The Tsipras’ government has soon discovered what sharing sovereignty means in the Eurozone, especially in a country being rescued by “the institutions” (we no longer call them the Troika). Many comments, especially from outside Greece (but even from Syriza’s more leftist factions) consider that the concessions made by the new government mean it is backtracking on its many election promises. And so it is. But at the same time this has allowed the executive some leeway. The Greeks have understood it well: despite the backtracking and the odd demonstration, a large majority of Greeks (compared with 36.3% in the elections) support the new government, while a majority are also in favour of staying in the euro because, for them, if inside it is raining, outside it is pouring. Those who have suffered the most know that, even if only a little, their situation will improve and that the old big parties (PASOK and New Democracy, which ruled the country since the end of the dictatorship) are not only largely responsible for what has happened but have failed to tackle corruption and make the richest –indeed, all– pay taxes as they should.
Negotiations are forging ahead, are tough and their results uncertain. Tsipras has made a significant political mistake accusing Spain and Portugal of conspiring against him. So where does that leave the South in Europe? The letter sent by Minister Varoufakis to the Chairman of the Eurogroup contains a list of reforms to undertake and policies to implement, some of them highly generic and none quantified in any way. And that is what is to be negotiated in the coming weeks: numbers (and a few other things). The government, assailed by a possible suspension of payments and seeking a further solvency breather (for four months), has backtracked on issues such as stopping or reversing privatisations that are already in progress and meeting budgetary targets. But it has also adopted some of the measures of the ‘Thessaloniki Plan’ to confront the humanitarian crisis by addressing the lack of food and housing, providing universal access to public health and energy for those who suffer the most. Of course, while avoiding a negative fiscal effect.
Although tax collection is currently €17 billion short, the Greek government is seeking to find some elbow room by combating fraud and, in the short term, by reviewing the budget’s primary surplus (ie, before the payment of debt interest) that Greece has committed to meet –4.5% of GDP–, but which will be extremely difficult and costly to achieve and sustain. The Tsipras government would like to reduce it to 1.5%. There is certainly some scope for negotiating, as Paul Krugman has well understood. And Tsipras could also get a respite from the 2.5% GDP growth envisaged by the Commission for this year, despite the poor last quarter. If so, the government could take advantage of the margin to promote new policies. In fact, the Eurogroup and the European Commission are now recognising that a change in the majority in an election can lead to some fine-tuning in economic and social policy, as long as common rules are respected, macroeconomic parameters preserved, debt payments assured and structural reforms implemented. Hence, Greece will be allowed a certain degree of flexibility. If the negotiations have so far led to a greater pragmatism in the Tsipras government, making it jettison some of the more radical left-wing items of its agenda, this has not necessarily implied a return to the status quo ante.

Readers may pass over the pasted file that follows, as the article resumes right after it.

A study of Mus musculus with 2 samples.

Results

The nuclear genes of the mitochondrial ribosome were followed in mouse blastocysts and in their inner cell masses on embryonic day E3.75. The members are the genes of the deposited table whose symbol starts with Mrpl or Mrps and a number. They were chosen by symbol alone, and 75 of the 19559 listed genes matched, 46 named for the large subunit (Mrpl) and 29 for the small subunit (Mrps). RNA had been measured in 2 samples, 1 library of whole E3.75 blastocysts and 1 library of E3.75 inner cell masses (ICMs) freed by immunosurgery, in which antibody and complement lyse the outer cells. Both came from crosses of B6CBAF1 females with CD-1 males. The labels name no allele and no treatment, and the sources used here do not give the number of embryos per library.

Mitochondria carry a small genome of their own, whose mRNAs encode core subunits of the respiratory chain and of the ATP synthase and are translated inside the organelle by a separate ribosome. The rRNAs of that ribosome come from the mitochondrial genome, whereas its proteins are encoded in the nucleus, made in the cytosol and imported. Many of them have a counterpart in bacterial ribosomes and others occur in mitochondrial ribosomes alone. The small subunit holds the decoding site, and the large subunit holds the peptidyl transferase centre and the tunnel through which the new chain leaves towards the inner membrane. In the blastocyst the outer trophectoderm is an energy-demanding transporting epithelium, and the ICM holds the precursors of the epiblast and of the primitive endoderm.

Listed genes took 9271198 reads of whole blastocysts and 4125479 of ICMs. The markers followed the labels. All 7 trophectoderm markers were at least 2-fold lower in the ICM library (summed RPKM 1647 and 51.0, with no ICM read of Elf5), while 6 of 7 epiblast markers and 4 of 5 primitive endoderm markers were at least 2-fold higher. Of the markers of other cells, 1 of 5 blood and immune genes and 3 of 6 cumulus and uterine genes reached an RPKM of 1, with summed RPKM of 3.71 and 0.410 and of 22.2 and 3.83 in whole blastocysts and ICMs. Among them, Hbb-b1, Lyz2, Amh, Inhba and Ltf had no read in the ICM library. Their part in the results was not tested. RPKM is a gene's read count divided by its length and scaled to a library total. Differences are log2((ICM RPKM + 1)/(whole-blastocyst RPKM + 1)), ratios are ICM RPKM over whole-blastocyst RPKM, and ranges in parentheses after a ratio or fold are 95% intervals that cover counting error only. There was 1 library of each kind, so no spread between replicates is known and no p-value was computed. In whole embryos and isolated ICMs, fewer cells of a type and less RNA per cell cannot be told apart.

At the same time, many in the Eurogroup cannot but hope that the Tsipras government will finally carry out the basic reforms needed by Greece, since it lacks an effective tax collection system and even a property register, among other shortcomings, besides being immersed in a sea of corruption. And despite this, the country was admitted to the monetary union. Nevertheless, Syriza might not be immune from being a prey to corruption. But if Tsipras fails to reform, who will? This is now well understood in the Eurogroup: there is no alternative in Greece to Tsipras and Syriza. The socialist Pasok has practically vanished into thin air and the conservative New Democracy was unable to push through reforms. The technocrats failed to deliver in 2011. The neo-Nazi Golden Dawn, currently the third largest party in parliament, must not be allowed to become the alternative.
Many are looking to Greece, especially the European radical left (such as Podemos in Spain). Many social-democrats in the Eurozone are also seeking to create an alternative policy to strict austerity but it has so far failed to materialise (Germany’s influential SPD, in coalition with Angela Merkel, has so far made no effort). Meanwhile, the conservatives are not willing to see their policies de-legitimised. Nevertheless, uncompromising austerity is on the wane, but not from any pressure exerted by Hollande or Renzi: it has been Merkel, as shown by her agreement on wage rises with the metal trade union; Draghi at the ECB, whose bond purchase programme has started this week; an IMF that has been highly critical with the policies so far implemented; and the European Commission itself, whose investment plan carries the name of its chairman, the social-christian Juncker. The Commission is now keener on having its member states implementing structural reforms than on meeting strict deficit and debt targets, as reflected in the leniency with which it is reacting to the breaches by France, Italy and others. In Spain cuts are now being slowed down. Although austerity is already graven in stone in the constitutions of several Euro member states, in the Treaty on Stability of March 2012 –also known as the Fiscal Compact– and in subsequent national laws.